How to Write Cease and Desist Letter to Stop Copyright Infringement

Copyright laws protect your original work. If you find that someone has used your work–whether written material, photographs or audio files—without your permission, you can take legal action. The Internet has made it very easy for people to use original content with only a few clicks. It has grown increasingly difficult to keep track of your work and protect it, but if you find that someone is violating copyright rules you can stop it. You can report copyright infringement, which might result in the removal of an entire website. But before taking drastic steps, make sure the person using your work knows she is violating copyright rules. Send a cease and desist letter to those using your work, explain the situation, and ask for removal of copyrighted content.

  • Identify the owner of the website or publication using your work. Websites usually have contact details or forms. If you cannot find contact information on a website, you can use to find out who the owner is, an email address and a phone number.

  • Write a letter calling for a cease and desist. Start with a formal opening and state the name of the person to whom you’re writing.
  • The body of the letter should be short and concise. State that you are writing a cease and desist letter and specify the name of the work upon which the person infringed. Specify that you are referring to written work, a photograph, an audio file, etc.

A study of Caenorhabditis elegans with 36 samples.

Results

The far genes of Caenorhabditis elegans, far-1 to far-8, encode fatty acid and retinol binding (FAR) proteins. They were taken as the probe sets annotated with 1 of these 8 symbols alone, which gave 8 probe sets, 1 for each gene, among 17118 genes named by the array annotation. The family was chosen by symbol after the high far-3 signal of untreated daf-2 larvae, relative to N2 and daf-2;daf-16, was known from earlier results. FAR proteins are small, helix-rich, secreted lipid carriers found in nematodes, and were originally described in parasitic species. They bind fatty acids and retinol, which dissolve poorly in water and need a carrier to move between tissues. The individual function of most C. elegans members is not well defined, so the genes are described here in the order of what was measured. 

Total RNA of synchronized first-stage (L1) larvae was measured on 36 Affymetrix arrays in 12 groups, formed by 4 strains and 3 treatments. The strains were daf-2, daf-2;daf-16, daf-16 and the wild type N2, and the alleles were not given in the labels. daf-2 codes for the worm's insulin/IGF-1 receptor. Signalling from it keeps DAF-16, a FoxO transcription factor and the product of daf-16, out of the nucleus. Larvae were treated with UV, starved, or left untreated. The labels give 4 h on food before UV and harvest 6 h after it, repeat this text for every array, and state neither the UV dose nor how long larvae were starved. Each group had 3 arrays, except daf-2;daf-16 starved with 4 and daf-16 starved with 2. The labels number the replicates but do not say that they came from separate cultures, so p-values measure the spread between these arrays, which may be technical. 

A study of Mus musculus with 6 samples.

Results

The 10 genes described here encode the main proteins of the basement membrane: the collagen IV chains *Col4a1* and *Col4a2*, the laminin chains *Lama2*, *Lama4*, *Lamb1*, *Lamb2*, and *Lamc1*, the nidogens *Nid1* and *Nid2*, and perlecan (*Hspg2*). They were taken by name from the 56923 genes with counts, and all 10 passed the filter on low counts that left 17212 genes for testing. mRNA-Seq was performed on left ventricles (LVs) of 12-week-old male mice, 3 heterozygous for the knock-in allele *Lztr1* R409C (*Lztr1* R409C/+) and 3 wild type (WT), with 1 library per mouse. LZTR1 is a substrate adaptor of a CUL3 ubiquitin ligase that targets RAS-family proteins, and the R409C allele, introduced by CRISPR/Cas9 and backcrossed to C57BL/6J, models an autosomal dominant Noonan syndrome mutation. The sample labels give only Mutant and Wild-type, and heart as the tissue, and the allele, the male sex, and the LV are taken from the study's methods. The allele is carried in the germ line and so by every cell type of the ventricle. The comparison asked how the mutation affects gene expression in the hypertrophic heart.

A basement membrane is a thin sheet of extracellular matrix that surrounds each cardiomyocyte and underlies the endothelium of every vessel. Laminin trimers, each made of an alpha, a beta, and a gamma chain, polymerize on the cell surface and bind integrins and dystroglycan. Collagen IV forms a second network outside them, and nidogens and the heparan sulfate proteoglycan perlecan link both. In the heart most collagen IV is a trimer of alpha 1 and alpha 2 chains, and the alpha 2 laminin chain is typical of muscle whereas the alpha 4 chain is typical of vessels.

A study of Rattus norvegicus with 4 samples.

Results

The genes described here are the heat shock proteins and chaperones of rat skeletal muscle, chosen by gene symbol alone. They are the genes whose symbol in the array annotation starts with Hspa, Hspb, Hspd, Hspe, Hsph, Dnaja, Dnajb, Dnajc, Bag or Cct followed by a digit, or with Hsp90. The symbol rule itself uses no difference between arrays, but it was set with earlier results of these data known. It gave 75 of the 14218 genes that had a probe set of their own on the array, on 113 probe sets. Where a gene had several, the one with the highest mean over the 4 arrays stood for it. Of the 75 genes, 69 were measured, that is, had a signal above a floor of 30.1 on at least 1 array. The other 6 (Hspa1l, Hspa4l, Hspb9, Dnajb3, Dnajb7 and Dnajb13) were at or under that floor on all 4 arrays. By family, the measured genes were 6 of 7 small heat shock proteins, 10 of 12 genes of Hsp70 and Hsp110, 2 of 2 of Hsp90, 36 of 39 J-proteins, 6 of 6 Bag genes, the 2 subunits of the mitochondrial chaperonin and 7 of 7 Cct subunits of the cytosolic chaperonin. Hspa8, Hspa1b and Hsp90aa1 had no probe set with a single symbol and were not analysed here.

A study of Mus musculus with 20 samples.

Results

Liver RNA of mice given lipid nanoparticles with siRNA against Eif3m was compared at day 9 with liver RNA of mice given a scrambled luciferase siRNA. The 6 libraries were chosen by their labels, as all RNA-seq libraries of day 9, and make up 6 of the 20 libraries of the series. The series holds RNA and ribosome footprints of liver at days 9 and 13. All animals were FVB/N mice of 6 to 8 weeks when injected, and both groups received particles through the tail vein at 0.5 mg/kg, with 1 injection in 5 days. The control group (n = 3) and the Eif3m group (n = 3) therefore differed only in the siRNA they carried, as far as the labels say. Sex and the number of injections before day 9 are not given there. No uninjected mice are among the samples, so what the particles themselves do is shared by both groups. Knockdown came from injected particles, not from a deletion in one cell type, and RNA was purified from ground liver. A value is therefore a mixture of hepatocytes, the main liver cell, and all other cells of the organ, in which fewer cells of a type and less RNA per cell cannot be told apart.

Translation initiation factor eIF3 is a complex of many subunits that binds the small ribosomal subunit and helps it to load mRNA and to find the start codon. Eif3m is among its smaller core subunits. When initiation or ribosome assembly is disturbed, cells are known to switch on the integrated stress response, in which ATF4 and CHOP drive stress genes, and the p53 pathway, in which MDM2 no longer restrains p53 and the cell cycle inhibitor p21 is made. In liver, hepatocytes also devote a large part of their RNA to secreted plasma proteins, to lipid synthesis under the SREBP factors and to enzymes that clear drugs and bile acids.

• Specify when you published your work and where. If you copyrighted the work with the United States Copyright Office, provide the copyright number on the certificate.
  • Give details about where the person is using your work and what portions he has copied.
  • Make reference to the copyright law. State that the person should have asked you for permission to use your work and could be liable for financial damages.
  • Clearly state what you want the person infringing your copyrighted materials to do. Example: “I want you to immediately stop using and reproducing my work and anything that derived from it, and I want you to destroy all the copies—including electronic ones.”
  • State the consequences of that person not taking note of your letter. Give a deadline to receive an answer. If you do not receive an answer by that time, state that you will get a copyright infringement lawyer and might file a lawsuit against the infringer.
  • Sign the letter and send it by email or regular mail.
  • If you do not get an answer in the allotted time or receive a negative response, seek legal assistance and discuss filing a copyright infringement lawsuit. Keep a copy of the cease and desist letter as proof that you tried to settle the matter outside of court.